433 Smithfield Street,
Pittsburgh, PA 15222



Source: Allegheny County: A Sesquicentennial Review, (r974.885 K17).

“19 June 1905-The first theater in the world devoted exclusively to the exhibition of motion pictures was the ‘Nickelodeon’, which was opened by Harry Davis in an empty store at 433-435 Smithfield Street, Pittsburgh, Pennsylvania. It had 96 seats taken from Davis' theaters. Among the first films were "Poor But Honest” and “The Baffled Burglar”. It was later enlarged to seat 200.

Contributed by Lost Memory

Recent comments (view all 9 comments)

Joe Vogel
Joe Vogel on October 19, 2006 at 7:08 pm

It’s almost certain that this was the first theatre to be called a Nickelodeon, but even more certain is that it was not the first theatre in the world devoted exclusively to the exhibition of motion pictures. It’s even possible that there were such theatres operating earlier than 1902 when Thomas Tally opened his Electric Theatre on Main Street in Los Angeles, widely believed to have been the first permanent theatre built specifically for the exhibition of movies.

kencmcintyre on November 18, 2006 at 2:54 pm

There is an interior photo on this page that alleges to be the Nickelodeon:

edblank on June 19, 2008 at 11:18 am

I, too, found that the Nickelodeon, identified in 1905 as being at 433-435 Smithfield Street, somehow is 441 Smithfield Street today – and for the past many years.

Can anyone explain why the numbering of addresses on a single specific commercial block, such as one in Downtown Pittsburgh, would change?

For the record, in addition to the 96 seats, patrons on crowded days also occupied standing room.

The theater closed in 1911.

edblank on June 19, 2008 at 11:39 am

Postscript: Although it’s true that a silent called “The Baffled Burglar” was released in 1907 and a silent called “Poor But Honest” was released in 1923, most movies were so short (often a few seconds to a few minutes) in the first decade or so of the 20th Century that the titles are situations almost certainly were recycled repeatedly.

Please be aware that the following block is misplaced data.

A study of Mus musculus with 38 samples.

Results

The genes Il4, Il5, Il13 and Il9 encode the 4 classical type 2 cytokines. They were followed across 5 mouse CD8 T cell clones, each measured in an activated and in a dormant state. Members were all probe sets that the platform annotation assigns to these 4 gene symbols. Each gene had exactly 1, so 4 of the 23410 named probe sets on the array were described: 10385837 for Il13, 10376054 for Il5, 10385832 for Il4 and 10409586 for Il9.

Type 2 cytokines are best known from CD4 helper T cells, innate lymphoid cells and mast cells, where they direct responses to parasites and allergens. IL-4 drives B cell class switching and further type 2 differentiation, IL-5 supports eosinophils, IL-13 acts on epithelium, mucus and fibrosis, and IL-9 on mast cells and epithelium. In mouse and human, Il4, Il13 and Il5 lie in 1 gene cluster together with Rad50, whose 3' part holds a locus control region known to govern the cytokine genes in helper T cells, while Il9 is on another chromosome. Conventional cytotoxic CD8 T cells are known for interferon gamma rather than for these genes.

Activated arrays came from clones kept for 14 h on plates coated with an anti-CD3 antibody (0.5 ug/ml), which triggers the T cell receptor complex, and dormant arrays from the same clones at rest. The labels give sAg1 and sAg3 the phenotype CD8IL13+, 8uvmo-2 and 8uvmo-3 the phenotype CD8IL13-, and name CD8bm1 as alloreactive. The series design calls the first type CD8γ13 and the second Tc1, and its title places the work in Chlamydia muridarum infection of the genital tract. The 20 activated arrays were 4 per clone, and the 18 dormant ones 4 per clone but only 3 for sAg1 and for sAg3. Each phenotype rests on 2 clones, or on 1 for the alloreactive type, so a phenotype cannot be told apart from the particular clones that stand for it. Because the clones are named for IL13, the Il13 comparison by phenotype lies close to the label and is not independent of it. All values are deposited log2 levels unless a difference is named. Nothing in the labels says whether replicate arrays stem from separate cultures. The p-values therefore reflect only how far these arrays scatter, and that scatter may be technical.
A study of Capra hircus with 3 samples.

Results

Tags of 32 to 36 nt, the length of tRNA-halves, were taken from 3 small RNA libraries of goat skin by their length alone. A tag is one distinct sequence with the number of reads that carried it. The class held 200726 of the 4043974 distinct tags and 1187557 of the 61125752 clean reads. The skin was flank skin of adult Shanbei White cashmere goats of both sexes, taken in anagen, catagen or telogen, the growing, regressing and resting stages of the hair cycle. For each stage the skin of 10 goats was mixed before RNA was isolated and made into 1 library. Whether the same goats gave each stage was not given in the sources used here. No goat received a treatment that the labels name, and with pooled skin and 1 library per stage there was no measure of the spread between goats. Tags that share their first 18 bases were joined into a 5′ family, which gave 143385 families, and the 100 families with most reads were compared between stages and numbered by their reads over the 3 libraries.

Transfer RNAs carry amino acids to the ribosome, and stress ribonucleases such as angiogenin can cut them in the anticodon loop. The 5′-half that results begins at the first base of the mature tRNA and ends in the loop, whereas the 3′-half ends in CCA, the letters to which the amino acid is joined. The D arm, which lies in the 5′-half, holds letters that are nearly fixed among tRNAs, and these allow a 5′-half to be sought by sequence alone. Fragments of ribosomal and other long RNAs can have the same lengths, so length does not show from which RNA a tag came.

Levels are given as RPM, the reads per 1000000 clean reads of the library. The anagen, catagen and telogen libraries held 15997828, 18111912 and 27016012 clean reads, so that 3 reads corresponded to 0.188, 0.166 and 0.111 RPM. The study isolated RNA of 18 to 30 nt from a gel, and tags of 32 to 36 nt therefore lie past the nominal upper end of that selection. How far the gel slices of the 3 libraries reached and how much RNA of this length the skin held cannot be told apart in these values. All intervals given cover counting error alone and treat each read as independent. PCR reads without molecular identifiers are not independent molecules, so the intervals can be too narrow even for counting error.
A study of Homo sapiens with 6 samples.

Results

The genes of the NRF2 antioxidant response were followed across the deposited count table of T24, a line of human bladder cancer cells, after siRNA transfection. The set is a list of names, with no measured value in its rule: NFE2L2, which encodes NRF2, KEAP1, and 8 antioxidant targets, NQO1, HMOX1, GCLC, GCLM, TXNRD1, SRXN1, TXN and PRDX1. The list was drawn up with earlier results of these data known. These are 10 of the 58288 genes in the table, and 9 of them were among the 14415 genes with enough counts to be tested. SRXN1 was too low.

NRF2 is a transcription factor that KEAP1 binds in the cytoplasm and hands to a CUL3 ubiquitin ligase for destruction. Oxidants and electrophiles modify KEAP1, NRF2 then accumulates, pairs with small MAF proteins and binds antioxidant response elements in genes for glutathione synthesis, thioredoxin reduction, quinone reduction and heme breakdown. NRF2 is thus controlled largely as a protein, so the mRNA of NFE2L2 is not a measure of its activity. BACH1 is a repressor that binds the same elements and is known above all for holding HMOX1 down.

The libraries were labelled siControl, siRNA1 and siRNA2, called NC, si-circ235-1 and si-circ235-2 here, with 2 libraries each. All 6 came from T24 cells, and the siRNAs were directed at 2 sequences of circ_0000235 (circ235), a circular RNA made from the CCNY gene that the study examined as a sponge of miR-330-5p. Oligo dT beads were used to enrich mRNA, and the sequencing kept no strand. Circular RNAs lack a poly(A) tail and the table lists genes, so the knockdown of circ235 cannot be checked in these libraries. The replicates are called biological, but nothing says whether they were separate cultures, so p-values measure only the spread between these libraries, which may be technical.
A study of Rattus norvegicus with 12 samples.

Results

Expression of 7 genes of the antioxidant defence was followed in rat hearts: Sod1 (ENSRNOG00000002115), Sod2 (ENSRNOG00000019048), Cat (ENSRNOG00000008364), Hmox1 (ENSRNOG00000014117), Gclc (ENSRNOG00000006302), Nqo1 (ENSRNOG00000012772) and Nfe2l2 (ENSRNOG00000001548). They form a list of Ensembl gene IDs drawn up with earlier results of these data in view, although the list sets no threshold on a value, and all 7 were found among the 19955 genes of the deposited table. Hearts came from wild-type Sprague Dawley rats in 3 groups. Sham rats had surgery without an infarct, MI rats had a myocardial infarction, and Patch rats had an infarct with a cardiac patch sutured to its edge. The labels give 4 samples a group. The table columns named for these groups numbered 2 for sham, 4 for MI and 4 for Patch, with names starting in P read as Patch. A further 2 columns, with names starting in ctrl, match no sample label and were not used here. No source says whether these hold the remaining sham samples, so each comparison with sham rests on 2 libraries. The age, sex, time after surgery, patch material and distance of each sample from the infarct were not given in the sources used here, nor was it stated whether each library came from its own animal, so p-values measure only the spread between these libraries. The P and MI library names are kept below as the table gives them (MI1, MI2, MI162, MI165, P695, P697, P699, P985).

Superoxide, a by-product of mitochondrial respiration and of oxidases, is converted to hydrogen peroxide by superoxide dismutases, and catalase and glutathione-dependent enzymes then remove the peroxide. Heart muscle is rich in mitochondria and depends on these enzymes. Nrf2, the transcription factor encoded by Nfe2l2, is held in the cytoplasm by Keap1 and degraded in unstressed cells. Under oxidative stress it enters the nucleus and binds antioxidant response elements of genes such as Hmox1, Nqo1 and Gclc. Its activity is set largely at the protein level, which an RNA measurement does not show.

I suspect the records-keeping was casual at best. Titles, especially, may be used many times, even for major films that have no relationship to one another such as “The Enforcer,” “Crash” and “(The) Unforgiven.”

A Los Angeles-based showbiz attorney told me a few years ago he could not explain how and when certain titles acquire a “hands off” status (think “Gone With the Wind” and “The Sound of Music”) while others may be used again almost immediately.

Surely copyright laws did not govern the naming of seven-minute movies made back in 1905. But that’s just speculation.

Buffalo International Film Festival
Buffalo International Film Festival on July 29, 2008 at 9:05 pm

There is absolutely no doubt that the Pittsburgh Nickelodeon was NOT the first dedicated movie theater. Nor were any of the Talley theaters in LA. The first “store-front converted to a movie theater” was the May 1896 New Orleans' theater that ran for several weeks. The first architect designed, permanent (two years!) dedicated movie theater was the Mark Brothers' Vitascope Theatre opened in Buffalo, New York in October 1896.

What is still to be determined is the first “built from the ground up on an empty lot” movie theater. This is, in July 2008, unknown.

MichaelKilgore on January 10, 2020 at 8:22 am

The June 4, 1955 issue of Boxoffice ran a two-page story about the launch of the Nickelodeon, characterized as the “first movie theatre”. It was by the late (even then) Alexander Parke, as previously told to Boxoffice staffer Robert F. Klingensmith. “The converted store rooms provided space for 96 old red plush-covered opera chairs, later the seating arrangement was changed to accommodate 200 chairs and a standing room space in the rear.”